The Future Shape of Exhibitions & Events

As we move out of Covid-19 will the shape of exhibitions and events change? Maybe not so much in what they are, but how they are managed, accepted and what organisers will need to provide will play a key part.

Currently the broad-brush description by government of events is a mass gathering, whether it is for 20,000 plus or whether it is for 200. These in reality are two vastly different prospects. In the recent haste for safety and protection of the community in 2020, it was a necessary approach.

To be practical, in bringing events back into the market they should be broken down to more formally recognise the size, the nature and the necessary policies behind the specific events. In doing so, the return to a more normal business environment for many organisations may be possible. Gradually increasing the size and controls for events can then be made and measured.

For millennia, events have been a natural part of human existence and a valuable part of trade, entertainment and social interaction. Once things settle, it will again be part of our cultural fabric for a long time to come.

Will there be a new normal? Not really. There will be changes though, in how events are managed and the offerings available. The inclusion of virtual components to create blended events will increase but there will always be the need for face to face communication and hands-on experiences. Hybrid (or blended) events will be part of the transition back using a mix of live and virtual presentations. Events requiring participant travel will take longer to recover.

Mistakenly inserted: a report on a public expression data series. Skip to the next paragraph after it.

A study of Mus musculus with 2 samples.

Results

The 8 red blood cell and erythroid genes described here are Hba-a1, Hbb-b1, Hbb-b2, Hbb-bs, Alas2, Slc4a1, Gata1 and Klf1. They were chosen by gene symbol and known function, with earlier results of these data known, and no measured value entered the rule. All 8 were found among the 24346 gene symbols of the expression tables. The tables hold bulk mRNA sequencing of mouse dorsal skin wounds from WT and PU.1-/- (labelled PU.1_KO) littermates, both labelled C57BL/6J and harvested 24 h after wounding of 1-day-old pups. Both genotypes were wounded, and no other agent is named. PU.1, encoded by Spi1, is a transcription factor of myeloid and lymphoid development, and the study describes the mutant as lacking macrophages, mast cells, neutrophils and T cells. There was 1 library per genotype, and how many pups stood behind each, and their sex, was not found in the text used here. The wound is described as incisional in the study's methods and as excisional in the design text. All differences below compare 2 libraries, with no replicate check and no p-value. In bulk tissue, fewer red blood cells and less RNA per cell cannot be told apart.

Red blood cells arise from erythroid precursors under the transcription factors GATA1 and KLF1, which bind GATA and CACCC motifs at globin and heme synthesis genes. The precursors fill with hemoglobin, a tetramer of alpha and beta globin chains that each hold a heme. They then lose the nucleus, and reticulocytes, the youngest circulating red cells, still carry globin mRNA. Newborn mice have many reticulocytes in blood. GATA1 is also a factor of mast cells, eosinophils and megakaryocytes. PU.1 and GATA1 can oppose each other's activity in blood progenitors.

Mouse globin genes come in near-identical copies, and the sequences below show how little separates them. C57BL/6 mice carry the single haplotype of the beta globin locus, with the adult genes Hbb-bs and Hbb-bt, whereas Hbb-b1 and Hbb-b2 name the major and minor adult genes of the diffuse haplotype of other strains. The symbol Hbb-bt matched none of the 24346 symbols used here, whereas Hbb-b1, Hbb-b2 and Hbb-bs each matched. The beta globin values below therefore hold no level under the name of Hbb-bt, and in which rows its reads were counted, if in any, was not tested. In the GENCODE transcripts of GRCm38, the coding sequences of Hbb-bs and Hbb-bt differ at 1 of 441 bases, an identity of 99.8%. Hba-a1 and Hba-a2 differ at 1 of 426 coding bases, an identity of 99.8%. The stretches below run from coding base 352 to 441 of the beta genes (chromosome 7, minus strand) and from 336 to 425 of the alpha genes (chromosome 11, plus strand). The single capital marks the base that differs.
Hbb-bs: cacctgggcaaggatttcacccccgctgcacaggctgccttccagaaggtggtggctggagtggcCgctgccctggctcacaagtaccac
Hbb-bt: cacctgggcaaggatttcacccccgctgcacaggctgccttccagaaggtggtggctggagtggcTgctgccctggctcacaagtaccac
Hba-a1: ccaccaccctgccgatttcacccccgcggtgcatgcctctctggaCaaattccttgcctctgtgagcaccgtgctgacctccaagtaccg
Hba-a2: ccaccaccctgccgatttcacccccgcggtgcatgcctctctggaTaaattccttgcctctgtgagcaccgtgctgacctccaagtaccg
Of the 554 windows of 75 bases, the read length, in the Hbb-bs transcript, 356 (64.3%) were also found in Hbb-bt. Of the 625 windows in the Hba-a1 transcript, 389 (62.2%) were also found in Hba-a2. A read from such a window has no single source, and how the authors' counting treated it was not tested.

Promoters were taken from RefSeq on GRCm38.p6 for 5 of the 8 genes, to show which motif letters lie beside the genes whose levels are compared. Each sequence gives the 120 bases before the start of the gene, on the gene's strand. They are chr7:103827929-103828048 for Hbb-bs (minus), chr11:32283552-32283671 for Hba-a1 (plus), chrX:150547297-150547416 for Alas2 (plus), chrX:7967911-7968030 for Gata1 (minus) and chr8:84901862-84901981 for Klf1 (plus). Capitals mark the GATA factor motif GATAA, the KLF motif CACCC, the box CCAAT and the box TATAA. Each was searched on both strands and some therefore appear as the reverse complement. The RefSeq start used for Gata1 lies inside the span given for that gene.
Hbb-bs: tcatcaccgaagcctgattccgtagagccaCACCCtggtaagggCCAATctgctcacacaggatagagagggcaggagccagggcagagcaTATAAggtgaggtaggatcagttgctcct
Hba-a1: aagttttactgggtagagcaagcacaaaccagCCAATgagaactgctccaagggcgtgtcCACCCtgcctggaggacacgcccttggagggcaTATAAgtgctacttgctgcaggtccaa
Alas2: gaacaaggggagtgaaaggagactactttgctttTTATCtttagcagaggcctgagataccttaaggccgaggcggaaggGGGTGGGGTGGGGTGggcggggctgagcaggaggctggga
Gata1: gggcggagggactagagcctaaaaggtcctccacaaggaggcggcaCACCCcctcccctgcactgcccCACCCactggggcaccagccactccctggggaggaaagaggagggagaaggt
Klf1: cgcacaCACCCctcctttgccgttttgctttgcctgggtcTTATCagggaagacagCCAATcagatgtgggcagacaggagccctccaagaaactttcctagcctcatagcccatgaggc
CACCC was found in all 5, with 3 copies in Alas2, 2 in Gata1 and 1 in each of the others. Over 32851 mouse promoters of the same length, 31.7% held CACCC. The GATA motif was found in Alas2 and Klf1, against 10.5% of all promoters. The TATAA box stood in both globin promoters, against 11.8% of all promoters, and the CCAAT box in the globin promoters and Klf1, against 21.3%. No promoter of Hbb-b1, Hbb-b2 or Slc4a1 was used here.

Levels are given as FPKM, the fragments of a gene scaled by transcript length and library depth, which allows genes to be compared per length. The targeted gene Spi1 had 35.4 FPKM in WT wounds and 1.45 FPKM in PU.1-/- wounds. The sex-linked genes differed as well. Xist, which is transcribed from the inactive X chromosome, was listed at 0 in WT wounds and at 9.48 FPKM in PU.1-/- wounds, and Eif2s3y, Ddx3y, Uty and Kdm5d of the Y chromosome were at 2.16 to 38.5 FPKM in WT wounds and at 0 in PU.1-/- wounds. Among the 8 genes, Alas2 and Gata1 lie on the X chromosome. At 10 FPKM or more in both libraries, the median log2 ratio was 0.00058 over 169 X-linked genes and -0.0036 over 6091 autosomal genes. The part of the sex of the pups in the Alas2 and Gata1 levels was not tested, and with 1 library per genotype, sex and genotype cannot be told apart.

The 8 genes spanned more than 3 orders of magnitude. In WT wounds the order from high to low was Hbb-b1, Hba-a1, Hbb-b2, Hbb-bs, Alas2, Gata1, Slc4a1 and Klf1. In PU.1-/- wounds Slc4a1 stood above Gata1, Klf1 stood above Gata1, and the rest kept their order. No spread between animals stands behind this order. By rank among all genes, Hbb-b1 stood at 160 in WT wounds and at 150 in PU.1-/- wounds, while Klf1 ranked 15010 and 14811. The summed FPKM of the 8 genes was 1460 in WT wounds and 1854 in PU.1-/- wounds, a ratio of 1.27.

It may not be obvious to the general public, but events of all types and sizes are currently well regulated, and the future will see a further layer introduced covering off in more detail, communicable diseases. It should be seen as a great opportunity to make events even safer.

Policies which will be part of future events can include tracking apps, CovidSafe for example can provide peace of mind for attendees and potentially it would be good to see it continue for some time. The introduction of hygiene training for event staff along the lines of the responsible service of alcohol will also be a great addition.

Attendees will also need to be managed better with the pre-purchase or registration process. Other measures implemented will be more robust venue number controls, temperature checks (in the short term), social distancing and crowd control, hand sanitising and hand cleaning stations will be the norm.

Events will return with stronger management and more responsible actions from attendees. The social and economic impacts from the events industry is a critical part of a balanced future outlook.